Tuesday, October 18, 2011

First malaria vaccination programme underway

Pharmaceutical company GlaxoSmithKline has performed clinical trials to determine the effectiveness of a vaccine that is supposed to prevent the deadly disease malaria. Results show that a shot with the new drug halves the risk of acquiring a bad form of malaria, when it was tested in African children. Because of its effectiveness, it is very likely that the vaccine developed by the UK based company will be the world's first vaccine against malaria.
Infection of the parasite in human blood cells, causing maleria.
The compound was tested on children of 17 months old, and was shown to reduce the severity of malaria. However, the scientists that developed the vaccine claim that it is not effective enough to completely rid the world of the disease. But because malaria is highly prevalent, and the severe form is the most lethal, it will surely prevent a lot of deaths. The vaccine was tested in 6000 children, and their health was assessed up to one year later. They found that the risk of clinical and severe maleria was reduced by 56 and 47 percent, respectively. The trials are still going on, and the vaccination programme will likely continue because of its efficacy.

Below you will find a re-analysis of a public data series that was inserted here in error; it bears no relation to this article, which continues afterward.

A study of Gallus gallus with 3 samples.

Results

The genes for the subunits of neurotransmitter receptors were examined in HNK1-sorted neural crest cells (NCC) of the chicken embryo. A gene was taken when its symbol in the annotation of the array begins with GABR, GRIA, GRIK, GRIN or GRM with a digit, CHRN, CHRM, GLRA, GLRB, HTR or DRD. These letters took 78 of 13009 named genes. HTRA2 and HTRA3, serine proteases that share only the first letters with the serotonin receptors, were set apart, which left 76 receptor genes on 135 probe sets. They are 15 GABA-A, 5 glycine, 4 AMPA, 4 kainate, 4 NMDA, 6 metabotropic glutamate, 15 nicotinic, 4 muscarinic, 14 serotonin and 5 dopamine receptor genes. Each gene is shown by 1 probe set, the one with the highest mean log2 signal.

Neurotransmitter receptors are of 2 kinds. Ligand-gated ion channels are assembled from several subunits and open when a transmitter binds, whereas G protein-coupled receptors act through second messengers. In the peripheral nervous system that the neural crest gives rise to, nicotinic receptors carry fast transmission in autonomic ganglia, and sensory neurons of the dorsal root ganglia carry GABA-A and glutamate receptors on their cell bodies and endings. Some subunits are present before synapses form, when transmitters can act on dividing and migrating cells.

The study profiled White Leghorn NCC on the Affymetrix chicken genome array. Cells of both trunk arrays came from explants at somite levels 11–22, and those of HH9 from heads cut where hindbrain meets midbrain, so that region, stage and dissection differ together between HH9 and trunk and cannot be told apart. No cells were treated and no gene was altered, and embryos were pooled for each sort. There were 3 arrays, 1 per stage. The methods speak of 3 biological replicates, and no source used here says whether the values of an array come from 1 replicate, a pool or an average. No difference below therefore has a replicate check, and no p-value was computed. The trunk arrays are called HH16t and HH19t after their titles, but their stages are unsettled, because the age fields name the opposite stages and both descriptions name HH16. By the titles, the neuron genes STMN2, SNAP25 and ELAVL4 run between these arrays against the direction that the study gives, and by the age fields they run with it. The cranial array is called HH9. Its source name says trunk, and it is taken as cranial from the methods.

Malaria is a major problem in African countries. The disease is spread by mosquitoes, that carry the micro-organism that actually causes the disease. There are about 225.000 million cases of malaria each year, and almost 800.000 people die as a result of the infection. It is the world's most prevalent parasitic disease and is mostly found in Africa.